A new partnership will provide free internet service and Wi-Fi routers to 1,000 homes of Kalamazoo Public School students, following action by the Kalamazoo City Commission.
The commission approved funding for the effort at a virtual meeting Monday, June 15, amending the city budget to allocate $200,000 from the Foundation for Excellence Aspirational Fund for the effort. The meeting went past midnight and the vote to approve the partnership happened early Tuesday morning.
The Digital Access for All partnership includes Kalamazoo Public Schools, Kalamazoo Public Library, The Kalamazoo Promise, the Kalamazoo Community Foundation and the city of Kalamazoo, with funding from the Foundation for Excellence.
“The executive order that closed public schools exacerbated the educational inequities that are present in our community,” said Von Washington Jr., executive director of community relations for the Kalamazoo Promise. “Many of our students don’t have access to Wi-Fi at home, which makes online schooling nearly impossible for some families.
“It was imperative that The Promise and community partners collaborate to address unequal access to Wi-Fi, both now and into the future. For Kalamazoo to truly be an education community, our actions must stop the deepening of inequities already present in our society. We are responsible for reducing barriers that have long stifled the educational outcomes of marginalized communities,” he said.
Along with KPS’s supplying of laptops to all students, the the partnership eliminates a hurdle to distance learning that many students face in Kalamazoo, according to the city. The goal is to create a more level playing field for internet access and to enhance access for online education services so all students can learn. This initiative relies on the collaboration, resources, and shared accountability of its partners.
The public school district and The Promise will each provide $50,000 toward the anticipated program cost of $200,000 in the first year. The city, with support from the Foundation for Excellence, will cover remaining expenses and provide sustainability for the effort long-term, according to the city.
Foundation for Excellence Coordinator Steve Brown gave a presentation about the partnership during Monday’s city commission meeting.
“The Digital Access for All initiative demonstrates that advancing equitable access to resources can happen both quickly and with a grand vision of sustainability, when done in partnership with organizations that are passionate about the work,” Kalamazoo Mayor David Anderson said a news release announcing the partnership.
The Kalamazoo Public Library will manage and lend the devices. For donations to support the program, the Kalamazoo Community Foundation has created a dedicated fund specific to the partnership.
“Recognizing the digital divide that exists within our community and taking action to address that divide is critical," Kalamazoo Community Foundation President and CEO Carrie Pickett-Erway said. “Leveraging many talents and assets to close the gap speaks to the strength of collaboration and commitment to remove barriers to education that every student deserves.”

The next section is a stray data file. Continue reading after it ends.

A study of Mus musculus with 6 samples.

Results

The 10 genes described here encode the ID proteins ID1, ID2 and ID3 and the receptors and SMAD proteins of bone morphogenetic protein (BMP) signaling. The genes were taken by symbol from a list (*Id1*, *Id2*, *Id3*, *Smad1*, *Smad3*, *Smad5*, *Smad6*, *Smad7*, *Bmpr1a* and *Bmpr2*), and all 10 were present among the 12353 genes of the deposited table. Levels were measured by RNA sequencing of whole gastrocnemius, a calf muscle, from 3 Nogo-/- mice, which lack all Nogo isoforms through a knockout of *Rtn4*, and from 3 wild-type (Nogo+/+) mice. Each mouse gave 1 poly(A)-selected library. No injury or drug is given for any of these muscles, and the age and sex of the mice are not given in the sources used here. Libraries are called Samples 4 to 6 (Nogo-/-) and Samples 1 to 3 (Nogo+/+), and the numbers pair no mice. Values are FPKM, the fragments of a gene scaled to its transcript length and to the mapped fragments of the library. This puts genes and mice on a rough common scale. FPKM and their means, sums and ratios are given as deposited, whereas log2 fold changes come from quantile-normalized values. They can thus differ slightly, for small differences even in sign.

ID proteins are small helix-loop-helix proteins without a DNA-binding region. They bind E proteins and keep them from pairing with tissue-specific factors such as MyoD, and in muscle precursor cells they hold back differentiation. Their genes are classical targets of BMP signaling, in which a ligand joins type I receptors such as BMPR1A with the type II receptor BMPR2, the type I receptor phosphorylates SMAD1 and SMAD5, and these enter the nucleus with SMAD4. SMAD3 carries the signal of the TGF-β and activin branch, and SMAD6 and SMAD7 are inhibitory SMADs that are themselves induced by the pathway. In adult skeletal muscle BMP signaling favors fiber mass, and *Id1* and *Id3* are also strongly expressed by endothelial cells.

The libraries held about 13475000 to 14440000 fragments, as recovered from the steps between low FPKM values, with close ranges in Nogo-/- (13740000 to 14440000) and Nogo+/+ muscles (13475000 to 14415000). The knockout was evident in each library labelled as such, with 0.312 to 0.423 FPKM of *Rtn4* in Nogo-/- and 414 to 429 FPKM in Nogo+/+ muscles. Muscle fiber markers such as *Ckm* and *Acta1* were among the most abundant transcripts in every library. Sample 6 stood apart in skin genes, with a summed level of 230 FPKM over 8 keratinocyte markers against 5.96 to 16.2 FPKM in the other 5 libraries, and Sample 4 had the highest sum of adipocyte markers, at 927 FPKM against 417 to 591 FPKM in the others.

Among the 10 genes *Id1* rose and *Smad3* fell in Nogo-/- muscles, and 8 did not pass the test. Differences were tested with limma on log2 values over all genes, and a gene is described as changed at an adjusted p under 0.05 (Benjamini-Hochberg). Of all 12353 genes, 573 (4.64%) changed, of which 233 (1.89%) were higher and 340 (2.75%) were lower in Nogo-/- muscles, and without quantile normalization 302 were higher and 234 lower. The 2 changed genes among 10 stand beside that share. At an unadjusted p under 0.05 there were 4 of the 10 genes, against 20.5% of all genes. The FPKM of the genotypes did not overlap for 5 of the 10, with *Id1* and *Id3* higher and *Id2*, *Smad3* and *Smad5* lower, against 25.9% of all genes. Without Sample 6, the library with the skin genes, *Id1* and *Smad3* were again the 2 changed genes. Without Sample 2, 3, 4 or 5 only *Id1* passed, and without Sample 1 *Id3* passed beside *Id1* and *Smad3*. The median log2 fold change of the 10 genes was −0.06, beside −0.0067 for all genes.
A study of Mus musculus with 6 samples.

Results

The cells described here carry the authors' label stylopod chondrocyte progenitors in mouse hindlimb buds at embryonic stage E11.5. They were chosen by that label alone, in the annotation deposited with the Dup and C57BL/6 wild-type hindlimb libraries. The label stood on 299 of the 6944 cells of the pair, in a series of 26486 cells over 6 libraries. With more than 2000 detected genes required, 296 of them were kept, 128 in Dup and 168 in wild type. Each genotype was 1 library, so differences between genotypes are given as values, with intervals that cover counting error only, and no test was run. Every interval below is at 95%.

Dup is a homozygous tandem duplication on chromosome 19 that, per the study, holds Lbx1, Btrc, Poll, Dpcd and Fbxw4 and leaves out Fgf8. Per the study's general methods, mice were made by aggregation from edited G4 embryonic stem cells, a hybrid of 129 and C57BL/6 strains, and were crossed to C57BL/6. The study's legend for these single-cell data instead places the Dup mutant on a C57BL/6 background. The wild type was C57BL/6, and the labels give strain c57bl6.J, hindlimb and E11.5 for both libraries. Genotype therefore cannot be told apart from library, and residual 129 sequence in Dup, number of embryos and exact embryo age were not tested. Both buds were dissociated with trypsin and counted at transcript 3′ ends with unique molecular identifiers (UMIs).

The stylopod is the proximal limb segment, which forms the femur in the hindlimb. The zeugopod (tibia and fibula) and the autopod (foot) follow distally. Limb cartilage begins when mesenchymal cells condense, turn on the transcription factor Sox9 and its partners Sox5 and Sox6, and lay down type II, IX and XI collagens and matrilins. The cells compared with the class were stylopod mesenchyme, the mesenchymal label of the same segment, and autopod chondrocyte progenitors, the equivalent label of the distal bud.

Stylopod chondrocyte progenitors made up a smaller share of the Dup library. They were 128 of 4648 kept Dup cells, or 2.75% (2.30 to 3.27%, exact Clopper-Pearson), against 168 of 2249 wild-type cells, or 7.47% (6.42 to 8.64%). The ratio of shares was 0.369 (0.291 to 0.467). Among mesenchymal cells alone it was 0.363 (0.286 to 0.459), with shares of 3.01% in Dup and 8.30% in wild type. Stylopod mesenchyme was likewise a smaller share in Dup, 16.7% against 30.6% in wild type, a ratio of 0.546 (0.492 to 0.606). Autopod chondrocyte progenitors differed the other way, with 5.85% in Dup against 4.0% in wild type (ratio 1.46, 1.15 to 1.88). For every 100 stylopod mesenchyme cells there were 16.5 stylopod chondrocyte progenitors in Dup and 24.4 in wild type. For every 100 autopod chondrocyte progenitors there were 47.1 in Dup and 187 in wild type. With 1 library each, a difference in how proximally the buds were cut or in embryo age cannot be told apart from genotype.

The partnership began on April 2, when the implications of Governor Gretchen Whitmer’s “Stay Home, Stay Safe” order became clear, resulting in pre-kindergarten through 12th grade students learning at home due to the COVID-19 pandemic. Instructional and support services are being provided by teachers and staff through online communication to students to the greatest extent possible, but not all students have internet access, the city said.
“Access to the internet has already become more of a necessity than a luxury, even without a pandemic,” Kalamazoo Public Library Director Ryan Wieber said. “It is essential for learning, research, banking, collaborating, and a critical part of an education in itself.”
In order to provide internet access to students who do not have it, hot spots and services are being purchased for KPS students to borrow from the KPL as a part of the already established OneCard Program, which allows students to borrow books, movies, and other items through the library.
The effort will start in June 2020 with the city of Kalamazoo (through the Foundation for Excellence) following City Commission approval Monday. The partnership is subject to any necessary approval by all other partners, the city said. It will conclude on Aug. 31, 2021.
“This is a big step towards eliminating the digital divide and making sure that all students have opportunities to advance,” KPS Superintendent Rita Raichoudhuri said in a news release.
Eligible participants must be KPS students participating in the OneCard Program. Families that have identified themselves as having “no access” will be offered priority registration. Only one device per street address and residence will be permitted.